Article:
Posted by G3 Translate on September 15, 2017

Through professional and culturally relevant translation you can break through language barriers to not only communicate your thought but also do so in a way that helps the listener engage in a meaningful way. The translator should take the burden of not only translating the very words of the message, but also be sure they are conveying the meaning. Cultural awareness is imperative because culture is much more tightly bound to language than most people understand at first glance.

Translation is not just about substituting words and making meaningful statements. The translator also has to convey the message in the intended tone. Sometimes, this task can be difficult, and the translator has to be creative when communicating the message for a diverse target market.

Cultural subtext is imperative in language and translators should reflect the intended meaning in their works. The translator should also strive to learn the ideologies, value differences, and taboos in both cultures so that they can convey the intended message without distorting its meaning.

Interpreting idioms is one of the factors that require cultural awareness. For instance, the Italian phrase "Trattare a pesci" in faccia literary translates to “treat you with fishes in your face”. Certainly, this phrase sounds absurd and nonsensical when literary interpreted into English. However, the phrase is an idiom meaning to disrespect.

A translator who has no knowledge of the culture will probably have to seek clarification from a third party. However, other phrases might pass unnoticed. If an idiom makes sense in its literal translation, a translator with no cultural knowledge of the source translation will most likely miss it, and in the process distort the meaning of the statement. 

Translators who are culturally aware will try to substitute the idiom with a similarly structured target language expression that has the same meaning. In cases where a suitable alternate idiom is lacking, it would suffice for the translator to include the real meaning of the idiom.

In other cases, the language used to express gratitude, respect or even disdain might vary from its literal meaning due to the cultural influence. In such a case, the translator should be culturally informed to notice this variance. A good example is from the Indian culture where respect to an elder is conveyed by addressing them in the plural. Hence, a translator has to be aware of this social norm and relay the intended respectful address in the target language.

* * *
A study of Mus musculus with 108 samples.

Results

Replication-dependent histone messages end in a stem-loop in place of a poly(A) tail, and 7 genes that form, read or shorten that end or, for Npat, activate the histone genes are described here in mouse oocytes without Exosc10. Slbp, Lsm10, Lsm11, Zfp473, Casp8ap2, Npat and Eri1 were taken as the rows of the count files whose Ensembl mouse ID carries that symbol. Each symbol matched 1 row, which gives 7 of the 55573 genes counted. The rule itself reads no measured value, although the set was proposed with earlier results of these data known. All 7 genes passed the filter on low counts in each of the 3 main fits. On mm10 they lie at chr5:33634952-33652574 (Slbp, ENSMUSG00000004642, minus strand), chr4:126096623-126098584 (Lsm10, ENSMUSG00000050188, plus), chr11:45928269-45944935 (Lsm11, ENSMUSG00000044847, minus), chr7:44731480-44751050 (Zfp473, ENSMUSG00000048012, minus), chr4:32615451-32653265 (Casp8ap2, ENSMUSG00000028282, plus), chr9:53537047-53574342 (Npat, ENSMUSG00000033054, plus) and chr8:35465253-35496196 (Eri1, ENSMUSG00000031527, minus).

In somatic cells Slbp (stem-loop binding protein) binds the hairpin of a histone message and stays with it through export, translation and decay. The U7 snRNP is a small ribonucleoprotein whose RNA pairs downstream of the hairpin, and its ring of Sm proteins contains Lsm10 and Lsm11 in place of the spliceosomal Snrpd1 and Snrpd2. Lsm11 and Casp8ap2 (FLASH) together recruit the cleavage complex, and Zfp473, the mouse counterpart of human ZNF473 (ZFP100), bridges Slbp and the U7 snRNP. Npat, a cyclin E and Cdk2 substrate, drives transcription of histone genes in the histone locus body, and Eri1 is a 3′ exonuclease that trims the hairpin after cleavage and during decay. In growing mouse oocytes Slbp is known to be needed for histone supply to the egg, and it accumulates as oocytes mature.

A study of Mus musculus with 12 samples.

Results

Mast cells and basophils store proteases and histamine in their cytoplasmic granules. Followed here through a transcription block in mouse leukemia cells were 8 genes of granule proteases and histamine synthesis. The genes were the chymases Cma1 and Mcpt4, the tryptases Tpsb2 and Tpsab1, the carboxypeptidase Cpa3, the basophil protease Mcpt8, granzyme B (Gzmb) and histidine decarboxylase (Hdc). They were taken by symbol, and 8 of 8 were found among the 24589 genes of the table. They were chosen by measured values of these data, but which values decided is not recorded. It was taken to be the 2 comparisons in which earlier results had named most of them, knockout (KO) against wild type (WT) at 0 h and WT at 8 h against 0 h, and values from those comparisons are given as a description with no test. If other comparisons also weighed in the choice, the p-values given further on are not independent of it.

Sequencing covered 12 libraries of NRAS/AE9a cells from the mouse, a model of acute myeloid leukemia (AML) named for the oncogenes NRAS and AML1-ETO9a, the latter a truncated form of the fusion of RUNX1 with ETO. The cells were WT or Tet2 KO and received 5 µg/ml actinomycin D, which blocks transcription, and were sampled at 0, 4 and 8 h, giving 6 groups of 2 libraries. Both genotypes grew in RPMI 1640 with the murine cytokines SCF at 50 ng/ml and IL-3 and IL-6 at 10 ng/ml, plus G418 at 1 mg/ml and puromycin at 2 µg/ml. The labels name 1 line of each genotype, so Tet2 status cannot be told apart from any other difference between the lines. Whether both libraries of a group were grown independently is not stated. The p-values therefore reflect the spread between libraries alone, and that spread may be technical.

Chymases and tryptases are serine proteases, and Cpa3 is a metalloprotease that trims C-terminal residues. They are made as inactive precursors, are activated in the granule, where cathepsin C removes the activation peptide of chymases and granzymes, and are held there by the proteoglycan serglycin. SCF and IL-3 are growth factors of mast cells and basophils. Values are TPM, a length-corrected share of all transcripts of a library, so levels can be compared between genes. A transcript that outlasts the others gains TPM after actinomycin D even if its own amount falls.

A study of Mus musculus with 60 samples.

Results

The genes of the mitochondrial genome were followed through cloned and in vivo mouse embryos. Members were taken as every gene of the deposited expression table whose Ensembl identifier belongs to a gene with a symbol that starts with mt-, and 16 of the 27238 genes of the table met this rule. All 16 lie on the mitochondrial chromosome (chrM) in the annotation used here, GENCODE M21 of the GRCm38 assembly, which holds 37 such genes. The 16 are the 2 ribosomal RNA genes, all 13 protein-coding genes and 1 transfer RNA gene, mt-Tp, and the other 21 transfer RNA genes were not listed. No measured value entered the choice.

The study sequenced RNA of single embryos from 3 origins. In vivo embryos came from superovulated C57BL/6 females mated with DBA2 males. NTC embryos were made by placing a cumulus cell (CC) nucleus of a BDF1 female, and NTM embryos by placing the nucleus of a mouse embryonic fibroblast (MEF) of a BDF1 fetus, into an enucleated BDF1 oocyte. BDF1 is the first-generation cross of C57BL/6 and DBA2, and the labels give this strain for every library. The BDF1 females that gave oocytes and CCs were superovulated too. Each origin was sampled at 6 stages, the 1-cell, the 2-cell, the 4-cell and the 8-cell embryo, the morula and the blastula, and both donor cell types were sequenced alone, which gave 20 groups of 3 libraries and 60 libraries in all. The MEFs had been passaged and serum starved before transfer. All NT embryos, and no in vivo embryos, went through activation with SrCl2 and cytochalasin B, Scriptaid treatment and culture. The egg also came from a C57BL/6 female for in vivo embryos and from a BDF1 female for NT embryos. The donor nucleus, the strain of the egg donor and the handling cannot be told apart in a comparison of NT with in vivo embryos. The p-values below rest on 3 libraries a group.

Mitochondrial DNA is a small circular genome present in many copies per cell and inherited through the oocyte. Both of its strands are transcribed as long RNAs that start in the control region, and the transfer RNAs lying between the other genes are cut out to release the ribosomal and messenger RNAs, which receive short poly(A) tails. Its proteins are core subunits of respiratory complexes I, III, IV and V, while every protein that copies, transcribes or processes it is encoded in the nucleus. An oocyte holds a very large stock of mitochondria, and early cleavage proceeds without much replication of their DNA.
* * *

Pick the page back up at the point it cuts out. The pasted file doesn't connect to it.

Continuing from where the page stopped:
Cultural awareness also extends into the business realm of branding. Some brands might have been extremely successful in their industry in a certain country that the brand name is used in place of the product name. An example is where one might ask for a “coke” when all they really want is a soda. Therefore, when doing market research in a foreign country, the interpreter should be aware of such social construct and ensure that they distinguish between the popularity of a brand and its name.

The cultural significance of an object can also go unnoticed to a person who is not aware of the culture. For instance, certain foods and flavors might be used in various cultures to signify a special occasion. While the source translation might not elaborate on this significance, it is the duty of the translator to express this cultural importance in a meaningful way.

Value difference is also a significant aspect of culture. Certain values may hold true for communities and even nations. In Switzerland,  time is a valuable asset and being late is often unacceptable. However, there are other places where 10 means 10:30 and this unwritten agreement is universally known by both parties. Therefore, a translator dealing with the two cultures should be keen to point out these differences to the respective parties so as to avoid any unintended disrespectful behavior.

Taboos and omens also vary from one culture to another. An animal or a natural occurrence can be considered as a sign of good luck in one culture and a bad omen in another. In Greek culture, an owl is a symbol of wisdom, and this cultural significance stems from the Greek mythology. Thus, referring to someone as an owl in Greece might be a sign of respect and acknowledgment of their wisdom, but in India, it is a blunt insult. Here, an owl symbolizes foolishness due to its role in the Indian mythology. Therefore, a translator has to be well aware of the different omens and symbolisms in both cultures so that there is no distortion in meaning.

Interpreting culture is not an easy task. Some of the concepts can only be grasped by a person who has extensive knowledge of the culture. Expressing these meanings in words is not always possible, but an interpreter who understands them can try their best to find an equivalent in the target language.